October 14, 2011

Chills. Goosebumps. Jubilation. Hugs and tears of joy. Thousands and thousands of people. Music and exuberant shouts. I literally cannot wipe the grin off my face.

I won’t lie. When my alarm went off this morning at 5, I did consider snoozing it and going back to bed. But the protesters in Zuccotti Park have done so much for all of us. If they were going to be forcibly evicted from the park, I was going to stand in solidarity with them. I felt principled and steely as I rode the subway, but not exactly hopeful.

Once again, though, the power of people standing together has surprised even me with what it can accomplish. Once again, the world of Zuccotti Park and all of its reverberations have expanded our sense of how people in solidarity can reshape the world, even in the face of resistance. Once again, we have learned that we are not without leverage to press for what we believe in.

Americans have understood for a long time now that the political game is rigged against them and in favor of corporations and big money. They’ve been working longer and harder for less and less. They’ve watched the natural environment be degraded and the era of chronic disaster get ushered in. And they’ve felt powerless to do anything about it. But that long night is finally over. It’s a new day, and this morning we all relearned what previous generations found out through their own struggles — that we can resist austerity and injustice and win.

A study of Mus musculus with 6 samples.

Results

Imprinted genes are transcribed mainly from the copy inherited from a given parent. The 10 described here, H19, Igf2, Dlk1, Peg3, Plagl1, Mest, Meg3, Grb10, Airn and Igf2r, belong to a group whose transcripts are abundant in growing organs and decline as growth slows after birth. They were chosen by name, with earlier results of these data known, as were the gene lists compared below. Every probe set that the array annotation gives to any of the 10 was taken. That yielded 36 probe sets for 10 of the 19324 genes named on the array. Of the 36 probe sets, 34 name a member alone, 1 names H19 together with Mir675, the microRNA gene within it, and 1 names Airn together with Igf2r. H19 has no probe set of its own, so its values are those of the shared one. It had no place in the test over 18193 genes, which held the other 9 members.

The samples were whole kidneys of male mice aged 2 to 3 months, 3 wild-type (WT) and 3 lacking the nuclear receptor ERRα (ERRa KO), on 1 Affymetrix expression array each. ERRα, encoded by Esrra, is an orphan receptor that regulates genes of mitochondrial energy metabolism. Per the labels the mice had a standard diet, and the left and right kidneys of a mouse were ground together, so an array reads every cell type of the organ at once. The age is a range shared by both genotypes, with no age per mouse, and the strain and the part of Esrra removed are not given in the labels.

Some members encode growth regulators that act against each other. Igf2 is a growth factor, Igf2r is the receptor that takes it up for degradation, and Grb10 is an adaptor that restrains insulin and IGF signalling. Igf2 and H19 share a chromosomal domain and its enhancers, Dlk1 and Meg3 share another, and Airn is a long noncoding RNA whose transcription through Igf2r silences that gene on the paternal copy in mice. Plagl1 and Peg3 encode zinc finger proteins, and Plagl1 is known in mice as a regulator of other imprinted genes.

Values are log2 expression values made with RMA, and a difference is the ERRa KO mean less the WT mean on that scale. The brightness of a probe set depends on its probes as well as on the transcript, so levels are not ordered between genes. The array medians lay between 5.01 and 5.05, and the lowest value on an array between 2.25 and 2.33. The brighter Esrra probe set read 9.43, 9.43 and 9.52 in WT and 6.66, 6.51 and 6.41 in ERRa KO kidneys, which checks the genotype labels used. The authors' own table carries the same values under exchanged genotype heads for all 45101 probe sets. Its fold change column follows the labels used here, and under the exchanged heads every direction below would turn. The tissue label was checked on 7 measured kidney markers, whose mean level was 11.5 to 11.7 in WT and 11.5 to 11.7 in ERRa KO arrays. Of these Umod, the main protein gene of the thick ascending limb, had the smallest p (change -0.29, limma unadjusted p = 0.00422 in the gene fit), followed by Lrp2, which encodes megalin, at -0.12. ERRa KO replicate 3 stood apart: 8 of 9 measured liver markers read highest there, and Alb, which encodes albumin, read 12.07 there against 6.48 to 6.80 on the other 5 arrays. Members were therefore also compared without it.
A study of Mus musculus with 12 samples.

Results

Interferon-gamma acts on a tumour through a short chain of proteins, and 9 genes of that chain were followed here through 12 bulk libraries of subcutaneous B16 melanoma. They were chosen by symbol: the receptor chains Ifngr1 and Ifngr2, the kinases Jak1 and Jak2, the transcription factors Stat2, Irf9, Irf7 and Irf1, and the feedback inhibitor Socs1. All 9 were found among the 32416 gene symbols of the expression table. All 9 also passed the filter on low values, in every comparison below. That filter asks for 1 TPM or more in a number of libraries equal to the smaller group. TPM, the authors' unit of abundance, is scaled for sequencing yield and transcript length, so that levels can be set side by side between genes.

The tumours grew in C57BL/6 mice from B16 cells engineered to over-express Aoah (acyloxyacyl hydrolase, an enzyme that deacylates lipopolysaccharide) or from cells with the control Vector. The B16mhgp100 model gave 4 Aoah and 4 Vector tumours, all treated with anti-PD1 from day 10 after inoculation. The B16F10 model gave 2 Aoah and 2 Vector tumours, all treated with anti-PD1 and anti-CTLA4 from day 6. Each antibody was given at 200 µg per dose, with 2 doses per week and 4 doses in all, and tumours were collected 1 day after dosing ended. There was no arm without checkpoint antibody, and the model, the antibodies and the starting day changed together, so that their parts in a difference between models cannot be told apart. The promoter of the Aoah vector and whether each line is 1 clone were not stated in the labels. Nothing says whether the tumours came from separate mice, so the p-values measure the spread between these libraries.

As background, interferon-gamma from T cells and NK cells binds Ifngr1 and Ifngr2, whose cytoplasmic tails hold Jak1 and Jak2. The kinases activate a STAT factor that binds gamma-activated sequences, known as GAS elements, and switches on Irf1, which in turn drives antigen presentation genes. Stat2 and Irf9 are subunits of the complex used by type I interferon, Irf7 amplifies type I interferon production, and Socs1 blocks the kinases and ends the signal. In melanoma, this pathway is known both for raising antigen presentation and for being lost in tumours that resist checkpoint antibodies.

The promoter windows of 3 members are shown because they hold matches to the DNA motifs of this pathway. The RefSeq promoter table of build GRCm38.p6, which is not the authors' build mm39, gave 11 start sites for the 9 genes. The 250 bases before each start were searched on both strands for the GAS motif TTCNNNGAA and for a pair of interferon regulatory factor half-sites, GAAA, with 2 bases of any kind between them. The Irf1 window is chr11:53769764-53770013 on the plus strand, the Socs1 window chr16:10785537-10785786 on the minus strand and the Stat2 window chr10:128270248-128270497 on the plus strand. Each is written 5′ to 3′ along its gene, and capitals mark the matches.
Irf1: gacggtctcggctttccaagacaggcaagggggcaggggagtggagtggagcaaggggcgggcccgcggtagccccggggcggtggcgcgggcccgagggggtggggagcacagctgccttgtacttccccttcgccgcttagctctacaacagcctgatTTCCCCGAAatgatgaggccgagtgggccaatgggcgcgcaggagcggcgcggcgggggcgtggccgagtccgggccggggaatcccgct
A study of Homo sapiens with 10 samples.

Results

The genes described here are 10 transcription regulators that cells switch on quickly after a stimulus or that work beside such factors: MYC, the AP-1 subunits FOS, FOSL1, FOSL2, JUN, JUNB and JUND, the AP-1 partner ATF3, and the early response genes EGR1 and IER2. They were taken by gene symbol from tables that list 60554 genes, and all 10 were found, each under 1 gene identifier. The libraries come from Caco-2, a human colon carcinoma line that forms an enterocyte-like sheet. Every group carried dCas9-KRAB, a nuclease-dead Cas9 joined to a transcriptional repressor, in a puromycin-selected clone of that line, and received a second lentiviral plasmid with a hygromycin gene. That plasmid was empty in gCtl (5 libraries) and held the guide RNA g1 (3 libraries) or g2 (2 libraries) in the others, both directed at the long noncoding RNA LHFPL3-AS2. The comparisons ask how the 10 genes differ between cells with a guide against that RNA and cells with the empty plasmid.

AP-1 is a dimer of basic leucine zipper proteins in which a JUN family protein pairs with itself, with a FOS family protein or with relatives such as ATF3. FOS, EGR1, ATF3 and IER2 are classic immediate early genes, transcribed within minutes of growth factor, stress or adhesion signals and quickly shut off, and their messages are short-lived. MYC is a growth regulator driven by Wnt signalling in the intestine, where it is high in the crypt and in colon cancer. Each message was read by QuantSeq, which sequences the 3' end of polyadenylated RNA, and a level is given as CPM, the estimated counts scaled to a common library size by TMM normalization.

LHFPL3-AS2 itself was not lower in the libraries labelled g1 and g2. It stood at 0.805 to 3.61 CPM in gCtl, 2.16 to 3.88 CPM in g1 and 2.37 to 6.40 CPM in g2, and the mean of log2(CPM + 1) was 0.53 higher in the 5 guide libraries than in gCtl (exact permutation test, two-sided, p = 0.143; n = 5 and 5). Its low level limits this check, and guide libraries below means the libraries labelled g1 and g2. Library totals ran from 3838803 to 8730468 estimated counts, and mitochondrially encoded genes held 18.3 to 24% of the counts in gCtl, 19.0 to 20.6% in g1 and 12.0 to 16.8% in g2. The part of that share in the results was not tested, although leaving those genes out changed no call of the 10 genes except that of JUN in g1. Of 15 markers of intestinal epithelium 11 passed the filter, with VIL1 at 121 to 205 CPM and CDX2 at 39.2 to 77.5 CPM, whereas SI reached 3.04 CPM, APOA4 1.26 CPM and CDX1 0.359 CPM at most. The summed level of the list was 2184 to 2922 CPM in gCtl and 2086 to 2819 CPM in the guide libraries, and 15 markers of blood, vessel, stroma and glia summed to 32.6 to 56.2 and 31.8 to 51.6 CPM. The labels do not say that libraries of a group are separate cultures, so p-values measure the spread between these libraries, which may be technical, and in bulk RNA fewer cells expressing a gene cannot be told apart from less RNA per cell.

We are finished with waiting and hoping that maybe things might get a little better if there’s a slightly more progressive president. We reject the utterly nonsensical claim that austerity is necessary because there is simply “not enough” for people to have a decent life — livable wages, leisure time with friends and family, health care, education, retirement, vacation (hell, how about a lunch hour?), clean air, clean water…There is plenty. We know it, and we demand it. We are done with accepting the ass-backward logic that people should serve corporations and banks. The economy and the banking system should serve human needs. For the first time in my life, I realistically think they could be forced to.

We are beginning to feel our strength to make these common dreams real. All our lives, we are told in countless overt and more subtle ways that resistance is futile, that the way things are is the only way that things could ever be (our general ignorance of the history of radical movements and the victories they’ve won, doesn’t help). This morning, that logic was materially smashed. In its place there is…possibility. And power.

  1. Yes to all of this. and this “we have learned that we are not without leverage to press for what we believe in.” is the best part. I have to get my butt over there.